1967. In a quiet village in the wild lands of the Scottish borders, disgraced academic Cordelia Hemlock is trying to put her life back together. Grieving the loss of her son, she seeks out the company of the dead, taking comfort amid the ancient headstones and crypts of the local churchyard. When lightning strikes a tumbledown tomb, she glimpses a corpse that doesn’t belong among the crumbling bones. But when the storm passes and the body vanishes, the authorities refuse to believe the claims of a hysterical ‘outsider’.
Teaming up with a reluctant witness, local woman Felicity Goose, Cordelia’s enquiries all lead back to a former POW camp that was set up in the village during the Second World War. But not all Gilsland’s residents welcome the two young women’s interference. There are those who believe the village’s secrets should remain buried … whatever the cost.
Transcript 0007, recorded October 30, 2010
He were standing by the church. Had to be, didn’t he? Smoking a cigarette, he was, under the branches of the big evergreen by the gate.
“What yer running for Mam? Yez’ll hurt yer self.”
He looked so pleased with himself. Looked like a bad lad. If he weren’t my own I swear I’d have been frightened of him. Too cocky for his own good, curling his lip and smirking at me in his vest and his jeans and his boots with the laces undone. He looked like he were made of bone. Pure white, he seemed, like a statue come to life.
“Why’d you run” I asked, and my voice sounded like a penny whistle; all high and trembly and out of tune.
“”I never ran. I said I were off. Thought we’d finished talking.”
“You know that’s not how it was.”
“No? Ah well, I’d stopped listening then.”
12-years-old and talking to me like that? My dad would have given me a wallop for it and I’d have had no cause to complain. Maybe I hadn’t walloped Brian enough, or maybe too much. Or maybe all the wallops in the world would have made no difference.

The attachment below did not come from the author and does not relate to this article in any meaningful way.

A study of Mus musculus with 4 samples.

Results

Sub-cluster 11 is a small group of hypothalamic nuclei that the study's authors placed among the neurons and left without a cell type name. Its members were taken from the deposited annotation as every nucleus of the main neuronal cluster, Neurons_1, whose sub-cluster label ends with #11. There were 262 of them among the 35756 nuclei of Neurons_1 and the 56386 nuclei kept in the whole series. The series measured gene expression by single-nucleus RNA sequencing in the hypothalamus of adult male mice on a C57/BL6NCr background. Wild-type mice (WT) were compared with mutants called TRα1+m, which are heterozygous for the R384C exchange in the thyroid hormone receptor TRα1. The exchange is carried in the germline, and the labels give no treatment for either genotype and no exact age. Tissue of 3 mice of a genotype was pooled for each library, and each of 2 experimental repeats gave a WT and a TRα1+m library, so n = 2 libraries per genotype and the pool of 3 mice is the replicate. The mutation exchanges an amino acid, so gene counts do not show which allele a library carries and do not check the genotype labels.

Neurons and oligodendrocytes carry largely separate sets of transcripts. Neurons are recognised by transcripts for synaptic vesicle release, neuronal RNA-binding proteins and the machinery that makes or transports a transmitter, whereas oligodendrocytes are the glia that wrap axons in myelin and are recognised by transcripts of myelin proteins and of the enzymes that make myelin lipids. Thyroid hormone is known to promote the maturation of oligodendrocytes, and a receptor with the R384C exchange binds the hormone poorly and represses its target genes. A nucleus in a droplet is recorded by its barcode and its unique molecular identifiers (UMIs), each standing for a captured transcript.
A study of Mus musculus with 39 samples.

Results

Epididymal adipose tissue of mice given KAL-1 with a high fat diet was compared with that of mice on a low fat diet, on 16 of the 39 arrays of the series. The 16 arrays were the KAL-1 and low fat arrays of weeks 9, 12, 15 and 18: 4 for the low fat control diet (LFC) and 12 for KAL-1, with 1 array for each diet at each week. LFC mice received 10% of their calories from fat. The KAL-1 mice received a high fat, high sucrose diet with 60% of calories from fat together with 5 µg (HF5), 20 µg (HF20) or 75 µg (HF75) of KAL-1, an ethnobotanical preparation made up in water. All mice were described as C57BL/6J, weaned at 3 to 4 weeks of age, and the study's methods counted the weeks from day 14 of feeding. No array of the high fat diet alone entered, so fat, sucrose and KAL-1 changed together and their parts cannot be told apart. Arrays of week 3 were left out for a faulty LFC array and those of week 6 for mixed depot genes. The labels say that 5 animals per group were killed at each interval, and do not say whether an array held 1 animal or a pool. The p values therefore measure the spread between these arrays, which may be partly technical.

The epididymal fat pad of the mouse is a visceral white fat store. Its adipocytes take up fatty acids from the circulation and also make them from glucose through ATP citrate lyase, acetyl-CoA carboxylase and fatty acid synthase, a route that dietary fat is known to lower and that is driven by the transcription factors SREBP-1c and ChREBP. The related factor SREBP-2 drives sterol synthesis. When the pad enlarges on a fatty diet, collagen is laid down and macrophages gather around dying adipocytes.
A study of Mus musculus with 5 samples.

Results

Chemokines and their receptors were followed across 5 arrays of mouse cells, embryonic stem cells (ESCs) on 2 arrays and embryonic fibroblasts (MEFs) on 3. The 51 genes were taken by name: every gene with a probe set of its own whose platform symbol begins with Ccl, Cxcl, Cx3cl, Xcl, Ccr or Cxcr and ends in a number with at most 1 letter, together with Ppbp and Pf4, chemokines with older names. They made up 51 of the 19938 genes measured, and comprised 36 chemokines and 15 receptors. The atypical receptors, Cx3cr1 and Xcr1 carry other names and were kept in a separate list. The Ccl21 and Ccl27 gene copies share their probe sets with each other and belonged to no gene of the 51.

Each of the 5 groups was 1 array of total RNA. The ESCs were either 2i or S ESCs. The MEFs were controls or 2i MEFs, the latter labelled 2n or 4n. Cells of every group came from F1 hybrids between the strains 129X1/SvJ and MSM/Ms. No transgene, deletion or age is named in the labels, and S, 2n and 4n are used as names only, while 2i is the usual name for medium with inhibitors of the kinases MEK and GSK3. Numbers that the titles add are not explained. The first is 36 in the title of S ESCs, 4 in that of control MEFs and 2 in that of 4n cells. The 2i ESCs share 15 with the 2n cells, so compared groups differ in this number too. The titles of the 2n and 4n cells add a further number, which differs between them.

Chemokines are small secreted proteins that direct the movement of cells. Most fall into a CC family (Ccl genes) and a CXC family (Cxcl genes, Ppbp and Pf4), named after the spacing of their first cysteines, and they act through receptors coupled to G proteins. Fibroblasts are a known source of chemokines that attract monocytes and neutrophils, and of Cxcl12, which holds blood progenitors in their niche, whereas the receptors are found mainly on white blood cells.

“You should have been at school,” I said, and it sounded proper pitiful.
“Aye,” he smiles, all swagger. “And then you’d be flat under the wheels of that Paddy’s truck.”
“But why weren’t you?” I asked, and I felt the tears stabbing at the backs of my eyes again.
He ground out his cigarette on the damp trunk of the tree and turned to me as if I were wasting his valuable time.
“I weren’t feeling well,” he said, like I should have known. “I had one of me headaches.”
“Did you tell the nurse?”
“That bitch? She couldn’t care less. Just wants to put her fat hands on you.”
“So you just walked out?” I asked.
“Aye. Got an early bus. I only missed a bit of spelling and I can spell good enough.”
I felt a sudden stab of pain down the side I’d landed on. It showed in my face and suddenly his whole self changed.
“You hurting?” he asked, and though he didn’t come toward me he did move aside to allow me under the protection of the branches. Up close he smelled different to how he used to. It used to be biscuits and soap and that earthy scent you get when you’re pull back the bark from a silver birch. Now he smelled like them. A man. Cigarettes and sweat and a rancid, unscrubbed tang that caught the back of my throat.